Barnaby Joyce: NZ Confirms Australian Deputy PM is Dual Citizen

New Zealand’s government has confirmed that Australia’s deputy prime minister, Barnaby Joyce, is a dual citizen.

Dual citizens are not allowed to run for public office under Australia’s constitution.

Mr Joyce revealed earlier that he may have New Zealand citizenship by descent, but said he will take his case to the nation’s High Court.

PM Malcolm Turnbull’s government risks losing its grip on power if Mr Joyce is ruled ineligible.

The office of New Zealand Internal Affairs Minister Peter Dunne confirmed to Australian media that under New Zealand law, a child born to a New Zealand national is automatically given citizenship.

However, Mr Joyce told parliament he received legal advice that he is not in breach of rules. He will remain as deputy PM in the meantime.

  • How a dual citizen crisis befell Australia

Mr Joyce is the latest of several Australian politicians to be caught up in dual citizenship scandals.

Two senators, Scott Ludlam and Larissa Waters, were forced to resign last month over their citizenship status. Another two senators, Matt Canavan and Malcolm Roberts, will also have their eligibility decided by the High Court.

Who is Mr Joyce?

He is the leader of the National Party, the junior partner in Mr Turnbull’s conservative coalition.

Mr Joyce entered the Senate in 2005, where he served for eight years, before moving to the lower House of Representatives in 2013.

Known for his straight-talking comments, Mr Joyce gained international attention by clamping down on Johnny Depp’s dogs and rebuking critics of Australia Day.

What is his citizenship defence?

Speaking in parliament, Mr Joyce said he was contacted by the New Zealand High Commission last week and informed he could be a citizen by descent.

“Needless to say, I was shocked about this,” he said on Monday.

“Neither I, nor my parents have ever had any reason to believe I may be a citizen of another country.”

Mr Joyce’s father was born in New Zealand and moved to Australia in 1947. The politician was born in the New South Wales town of Tamworth in 1967.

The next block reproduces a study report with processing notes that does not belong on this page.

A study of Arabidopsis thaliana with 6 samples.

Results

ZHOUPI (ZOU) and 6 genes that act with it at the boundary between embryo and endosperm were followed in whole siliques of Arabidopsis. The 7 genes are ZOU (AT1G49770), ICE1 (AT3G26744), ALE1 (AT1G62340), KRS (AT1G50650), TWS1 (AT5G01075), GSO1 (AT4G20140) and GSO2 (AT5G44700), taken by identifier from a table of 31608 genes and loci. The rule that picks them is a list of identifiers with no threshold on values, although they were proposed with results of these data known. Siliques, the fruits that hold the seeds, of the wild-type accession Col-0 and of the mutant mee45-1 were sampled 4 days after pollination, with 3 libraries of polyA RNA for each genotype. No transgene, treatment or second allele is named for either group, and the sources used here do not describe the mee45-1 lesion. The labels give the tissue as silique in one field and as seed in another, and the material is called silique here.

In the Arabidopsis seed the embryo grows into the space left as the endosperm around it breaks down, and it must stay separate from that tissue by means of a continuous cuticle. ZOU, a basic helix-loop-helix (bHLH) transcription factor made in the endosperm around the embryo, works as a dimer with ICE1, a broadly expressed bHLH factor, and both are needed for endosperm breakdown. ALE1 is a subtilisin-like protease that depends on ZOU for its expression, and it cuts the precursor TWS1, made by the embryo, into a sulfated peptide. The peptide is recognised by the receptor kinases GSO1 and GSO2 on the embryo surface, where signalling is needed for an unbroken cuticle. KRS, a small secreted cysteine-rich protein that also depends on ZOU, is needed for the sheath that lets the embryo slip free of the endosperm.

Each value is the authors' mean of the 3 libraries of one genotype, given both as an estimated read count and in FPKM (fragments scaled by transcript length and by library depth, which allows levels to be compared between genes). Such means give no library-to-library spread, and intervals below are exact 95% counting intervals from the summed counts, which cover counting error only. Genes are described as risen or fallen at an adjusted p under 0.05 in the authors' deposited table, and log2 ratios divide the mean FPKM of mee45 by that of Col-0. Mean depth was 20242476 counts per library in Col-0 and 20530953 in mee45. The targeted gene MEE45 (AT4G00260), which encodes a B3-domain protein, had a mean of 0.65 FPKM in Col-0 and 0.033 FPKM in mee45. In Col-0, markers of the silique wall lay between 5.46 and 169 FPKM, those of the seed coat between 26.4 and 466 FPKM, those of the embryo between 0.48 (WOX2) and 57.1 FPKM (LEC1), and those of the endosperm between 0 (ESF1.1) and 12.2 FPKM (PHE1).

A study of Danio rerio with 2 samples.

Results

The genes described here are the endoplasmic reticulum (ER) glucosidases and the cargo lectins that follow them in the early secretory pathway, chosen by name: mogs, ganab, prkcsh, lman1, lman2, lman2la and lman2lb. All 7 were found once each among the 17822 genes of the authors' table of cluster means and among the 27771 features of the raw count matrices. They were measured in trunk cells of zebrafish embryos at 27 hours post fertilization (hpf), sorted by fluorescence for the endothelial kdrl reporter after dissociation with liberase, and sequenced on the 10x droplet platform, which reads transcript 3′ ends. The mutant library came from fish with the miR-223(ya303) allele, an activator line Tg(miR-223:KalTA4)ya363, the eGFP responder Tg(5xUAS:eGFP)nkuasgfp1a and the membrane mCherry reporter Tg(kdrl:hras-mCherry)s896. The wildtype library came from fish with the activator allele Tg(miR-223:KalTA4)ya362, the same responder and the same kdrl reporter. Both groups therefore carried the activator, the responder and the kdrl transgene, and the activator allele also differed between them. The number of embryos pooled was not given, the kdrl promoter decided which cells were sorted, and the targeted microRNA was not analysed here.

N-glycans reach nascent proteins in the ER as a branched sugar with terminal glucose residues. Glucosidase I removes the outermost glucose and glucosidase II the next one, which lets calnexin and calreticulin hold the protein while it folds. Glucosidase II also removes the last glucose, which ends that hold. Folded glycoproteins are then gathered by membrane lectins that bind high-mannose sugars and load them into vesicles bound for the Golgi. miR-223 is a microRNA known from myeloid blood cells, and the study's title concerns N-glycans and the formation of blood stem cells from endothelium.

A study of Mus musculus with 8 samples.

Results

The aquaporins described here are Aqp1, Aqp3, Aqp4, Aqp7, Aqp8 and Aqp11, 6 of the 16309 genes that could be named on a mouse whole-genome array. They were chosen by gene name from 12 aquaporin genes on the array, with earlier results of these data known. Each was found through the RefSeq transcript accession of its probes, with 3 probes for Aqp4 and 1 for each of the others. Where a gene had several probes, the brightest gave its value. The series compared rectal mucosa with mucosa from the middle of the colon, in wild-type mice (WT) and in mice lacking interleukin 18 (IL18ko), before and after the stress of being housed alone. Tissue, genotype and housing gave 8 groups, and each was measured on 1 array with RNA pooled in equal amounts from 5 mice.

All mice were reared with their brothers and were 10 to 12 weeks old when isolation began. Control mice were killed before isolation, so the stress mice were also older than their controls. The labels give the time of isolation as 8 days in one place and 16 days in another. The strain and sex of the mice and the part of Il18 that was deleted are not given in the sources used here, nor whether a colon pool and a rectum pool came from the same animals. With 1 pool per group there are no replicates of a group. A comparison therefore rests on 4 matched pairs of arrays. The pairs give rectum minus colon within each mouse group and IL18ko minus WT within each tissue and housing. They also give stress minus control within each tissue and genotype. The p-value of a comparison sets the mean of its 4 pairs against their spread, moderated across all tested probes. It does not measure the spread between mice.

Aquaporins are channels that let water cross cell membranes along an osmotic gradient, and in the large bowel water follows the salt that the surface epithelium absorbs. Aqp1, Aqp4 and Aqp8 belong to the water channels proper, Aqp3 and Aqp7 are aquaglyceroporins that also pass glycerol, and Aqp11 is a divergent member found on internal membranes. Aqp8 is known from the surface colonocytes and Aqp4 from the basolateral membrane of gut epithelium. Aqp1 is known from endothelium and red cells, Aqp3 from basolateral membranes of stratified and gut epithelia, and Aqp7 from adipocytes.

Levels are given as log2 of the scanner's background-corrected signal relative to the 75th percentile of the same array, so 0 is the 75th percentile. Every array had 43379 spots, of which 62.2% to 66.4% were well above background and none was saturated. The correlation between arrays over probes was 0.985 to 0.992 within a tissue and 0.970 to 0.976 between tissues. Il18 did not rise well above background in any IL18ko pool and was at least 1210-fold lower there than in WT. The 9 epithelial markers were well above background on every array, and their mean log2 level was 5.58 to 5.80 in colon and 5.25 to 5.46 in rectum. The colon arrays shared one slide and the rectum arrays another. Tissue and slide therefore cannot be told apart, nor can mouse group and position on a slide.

He said: “Neither my parents nor I have ever applied to register me as a New Zealand citizen. The New Zealand government has no register recognising me as a New Zealand citizen.”

Mr Joyce said he had been advised by Australia’s solicitor-general that he was not in breach of the constitution.

What does the constitution say on this issue?

The Section 44 (Disqualification) states that any person who “is under any acknowledgment of allegiance, obedience, or adherence to a foreign power, or is a subject or a citizen or entitled to the rights or privileges of a subject or a citizen of a foreign power… shall be incapable of being chosen or of sitting as a senator or a member of the House of Representatives”.

This is interpreted as meaning that people with dual citizenship are not permitted to run for office.

However, experts have said there is uncertainty surrounding the rules, particularly on the issue of citizenship by descent.

What happens if Mr Joyce is ruled ineligible?

Currently, Mr Turnbull’s government has only a slim one-seat majority in the House of Representatives.

If Mr Joyce were to be ruled ineligible, it would force a by-election, and the government’s hold on power would be at risk.

However, Mr Turnbull could retain government with the support of independent MPs and minor parties.

Treasurer Scott Morrison, a senior government minister, said it was important not to “leap to conclusions”.

What was Mr Turnbull’s reaction?

Mr Turnbull responding by writing an open letter to Opposition Leader Bill Shorten asking for help in resolving the dual citizenship saga.

He said it was time for the High Court to clarify the precise meaning of Section 44.

“With around half of all Australians having a foreign-born parent and with many foreign nations having citizenship laws which confer citizenship by descent, regardless of place of birth, the potential for many, possibly millions of Australians unknowingly having dual citizenship is considerable,” he wrote in the letter.

“The Australian people must have confidence in our political system and resolving any uncertainty is vital.”